For Immediate Release – December 6, 2023
Leigh Martin, Environmental Analyst
Department of Environmental Conservation
Be Idle Free: Turning Your Key Saves Money and Supports A Cleaner Environment
Montpelier, Vt. – As Vermonters prepare for the approaching cold weather, the Department of Environmental Conservation (DEC) is urging drivers to switch off their ignition to limit unnecessary idling of their vehicle engines.
“Idling gets you nowhere,” said DEC Commissioner Batchelder. “It wastes fuel and money, causes excess engine wear, and pollutes our air which impacts our health and environment.”
Motor vehicles are the largest source of air pollutants and greenhouse gases in Vermont. The exhaust from vehicle idling degrades air quality for all Vermonters and is most detrimental to children, older adults, and people with heart or lung disease.
If every car and truck in Vermont reduced unnecessary idling by one minute per day over one year, Vermonters would save over one million gallons of fuel and over $4 million in fuel costs as well as contribute to cutting carbon dioxide emissions by more than 10,000 metric tons.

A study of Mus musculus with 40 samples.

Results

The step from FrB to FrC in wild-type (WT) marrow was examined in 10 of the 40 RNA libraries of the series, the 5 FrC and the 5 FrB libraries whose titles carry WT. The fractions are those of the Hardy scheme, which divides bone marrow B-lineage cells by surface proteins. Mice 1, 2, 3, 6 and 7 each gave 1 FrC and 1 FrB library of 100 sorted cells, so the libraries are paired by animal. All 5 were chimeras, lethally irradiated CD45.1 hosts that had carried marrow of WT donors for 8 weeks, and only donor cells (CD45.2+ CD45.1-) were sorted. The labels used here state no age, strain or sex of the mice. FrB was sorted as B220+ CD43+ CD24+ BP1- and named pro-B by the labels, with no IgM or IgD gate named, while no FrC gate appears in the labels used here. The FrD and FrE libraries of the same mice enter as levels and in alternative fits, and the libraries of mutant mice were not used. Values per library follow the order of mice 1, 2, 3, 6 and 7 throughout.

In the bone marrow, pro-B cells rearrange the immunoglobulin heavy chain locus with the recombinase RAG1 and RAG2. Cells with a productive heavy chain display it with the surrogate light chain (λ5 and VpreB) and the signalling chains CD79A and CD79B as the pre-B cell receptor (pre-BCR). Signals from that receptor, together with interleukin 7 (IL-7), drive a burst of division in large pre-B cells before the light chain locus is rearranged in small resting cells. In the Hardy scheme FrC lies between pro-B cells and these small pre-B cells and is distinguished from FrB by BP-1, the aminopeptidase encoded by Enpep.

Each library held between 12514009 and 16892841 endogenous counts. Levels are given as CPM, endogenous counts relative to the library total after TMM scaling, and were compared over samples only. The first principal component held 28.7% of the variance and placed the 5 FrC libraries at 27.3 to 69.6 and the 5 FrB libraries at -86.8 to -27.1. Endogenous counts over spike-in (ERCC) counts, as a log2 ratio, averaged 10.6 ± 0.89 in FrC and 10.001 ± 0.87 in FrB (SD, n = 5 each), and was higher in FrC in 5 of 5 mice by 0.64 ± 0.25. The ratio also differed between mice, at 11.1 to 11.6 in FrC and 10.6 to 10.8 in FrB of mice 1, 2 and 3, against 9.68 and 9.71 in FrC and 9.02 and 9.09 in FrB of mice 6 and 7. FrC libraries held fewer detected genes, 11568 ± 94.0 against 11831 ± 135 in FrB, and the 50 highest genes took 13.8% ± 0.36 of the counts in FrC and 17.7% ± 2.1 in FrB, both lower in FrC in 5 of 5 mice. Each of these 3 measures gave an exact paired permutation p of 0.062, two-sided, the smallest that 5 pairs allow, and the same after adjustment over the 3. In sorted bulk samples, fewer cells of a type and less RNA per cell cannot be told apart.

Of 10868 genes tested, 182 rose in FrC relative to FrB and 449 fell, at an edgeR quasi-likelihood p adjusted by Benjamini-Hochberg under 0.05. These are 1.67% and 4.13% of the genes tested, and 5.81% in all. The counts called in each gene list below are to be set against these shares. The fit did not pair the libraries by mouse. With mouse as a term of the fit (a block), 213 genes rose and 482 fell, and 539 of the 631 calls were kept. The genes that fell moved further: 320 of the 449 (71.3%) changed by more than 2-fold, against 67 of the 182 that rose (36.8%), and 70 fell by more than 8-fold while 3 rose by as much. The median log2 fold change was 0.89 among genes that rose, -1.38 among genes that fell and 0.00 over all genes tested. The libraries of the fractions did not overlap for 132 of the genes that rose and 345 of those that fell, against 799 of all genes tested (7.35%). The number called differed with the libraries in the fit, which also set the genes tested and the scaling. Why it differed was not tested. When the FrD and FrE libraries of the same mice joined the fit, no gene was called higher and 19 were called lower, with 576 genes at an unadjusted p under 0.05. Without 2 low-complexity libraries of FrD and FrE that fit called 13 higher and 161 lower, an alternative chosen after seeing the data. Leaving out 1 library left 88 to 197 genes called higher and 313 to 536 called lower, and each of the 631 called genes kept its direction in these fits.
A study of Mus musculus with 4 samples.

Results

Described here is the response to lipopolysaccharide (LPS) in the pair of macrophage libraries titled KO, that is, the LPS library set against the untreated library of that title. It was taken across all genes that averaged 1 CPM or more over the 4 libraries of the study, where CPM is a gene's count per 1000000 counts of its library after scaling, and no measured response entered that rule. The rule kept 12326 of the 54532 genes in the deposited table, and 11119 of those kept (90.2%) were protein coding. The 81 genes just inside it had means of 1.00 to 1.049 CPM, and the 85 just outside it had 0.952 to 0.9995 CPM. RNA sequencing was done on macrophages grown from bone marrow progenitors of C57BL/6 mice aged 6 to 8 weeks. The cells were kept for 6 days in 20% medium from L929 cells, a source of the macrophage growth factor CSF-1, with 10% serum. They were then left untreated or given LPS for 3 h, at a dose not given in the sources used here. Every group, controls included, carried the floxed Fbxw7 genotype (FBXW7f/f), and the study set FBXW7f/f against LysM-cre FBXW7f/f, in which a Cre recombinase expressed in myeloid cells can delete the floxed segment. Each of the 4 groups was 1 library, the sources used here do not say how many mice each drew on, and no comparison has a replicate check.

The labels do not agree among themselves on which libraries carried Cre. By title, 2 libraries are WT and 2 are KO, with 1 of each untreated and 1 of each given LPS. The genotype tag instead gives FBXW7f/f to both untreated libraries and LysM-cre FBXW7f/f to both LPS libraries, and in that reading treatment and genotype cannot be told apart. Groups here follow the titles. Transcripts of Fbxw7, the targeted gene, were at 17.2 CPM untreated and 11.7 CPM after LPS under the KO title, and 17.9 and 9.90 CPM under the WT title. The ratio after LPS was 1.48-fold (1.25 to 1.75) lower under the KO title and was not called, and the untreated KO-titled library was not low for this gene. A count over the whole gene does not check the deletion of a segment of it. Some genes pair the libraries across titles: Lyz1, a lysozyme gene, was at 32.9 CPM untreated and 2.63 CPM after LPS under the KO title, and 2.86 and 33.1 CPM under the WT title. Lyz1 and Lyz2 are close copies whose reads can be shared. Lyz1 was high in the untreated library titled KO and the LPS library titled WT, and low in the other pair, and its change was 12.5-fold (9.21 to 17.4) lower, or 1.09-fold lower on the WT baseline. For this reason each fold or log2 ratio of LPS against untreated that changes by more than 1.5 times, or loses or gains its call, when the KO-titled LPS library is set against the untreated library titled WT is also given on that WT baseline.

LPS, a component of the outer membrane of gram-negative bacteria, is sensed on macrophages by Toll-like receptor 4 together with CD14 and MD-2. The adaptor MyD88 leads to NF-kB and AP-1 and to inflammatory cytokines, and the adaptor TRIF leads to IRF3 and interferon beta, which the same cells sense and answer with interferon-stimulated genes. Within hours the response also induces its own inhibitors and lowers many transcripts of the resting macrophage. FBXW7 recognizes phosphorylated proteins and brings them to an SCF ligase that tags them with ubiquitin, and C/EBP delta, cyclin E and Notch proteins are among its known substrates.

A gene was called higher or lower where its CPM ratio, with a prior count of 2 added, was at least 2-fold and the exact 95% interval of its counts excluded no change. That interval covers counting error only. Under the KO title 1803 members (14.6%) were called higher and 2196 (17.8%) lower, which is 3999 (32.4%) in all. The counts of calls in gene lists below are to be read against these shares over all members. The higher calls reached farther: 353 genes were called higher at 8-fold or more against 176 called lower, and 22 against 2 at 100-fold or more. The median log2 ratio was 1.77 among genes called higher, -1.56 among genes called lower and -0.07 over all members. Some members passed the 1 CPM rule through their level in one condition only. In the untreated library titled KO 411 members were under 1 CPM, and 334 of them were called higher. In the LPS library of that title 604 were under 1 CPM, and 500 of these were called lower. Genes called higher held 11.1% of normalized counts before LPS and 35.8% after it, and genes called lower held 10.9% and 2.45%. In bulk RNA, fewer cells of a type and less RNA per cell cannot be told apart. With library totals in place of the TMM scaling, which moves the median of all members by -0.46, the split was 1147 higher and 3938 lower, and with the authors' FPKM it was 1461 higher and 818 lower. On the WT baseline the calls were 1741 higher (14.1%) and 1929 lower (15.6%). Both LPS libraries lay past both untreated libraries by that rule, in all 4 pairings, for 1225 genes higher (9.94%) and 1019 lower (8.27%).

You can help protect Vermont’s clean air and avoid unnecessary idling by:
- Turning off your vehicle when you are stopped for 10 seconds or more, except in traffic (30 seconds for heavy-duty vehicles).
- Warming up your engine and vehicle by driving gently. If needed, limit idling to 30 seconds (three to five minutes for heavy-duty vehicles), even in cold weather. Make sure windshield defrosting is adequate before driving.
- Use indoor spaces or waiting rooms instead of sitting in your idling vehicle.
In Vermont, the state law limits all motor vehicle idling to five minutes in any 60-minute period with some exceptions. Local jurisdictions may have additional idling limitations in place. The School Bus Idling Rule also states that school buses shall not idle while picking up and dropping off children on school property. Learn more at BeIdleFree.Vermont.gov.
The Department of Environmental Conservation is responsible for protecting Vermont's natural resources and safeguarding human health for the benefit of this and future generations. Visit dec.vermont.gov and follow the Department of Environmental Conservation on Facebook and Instagram.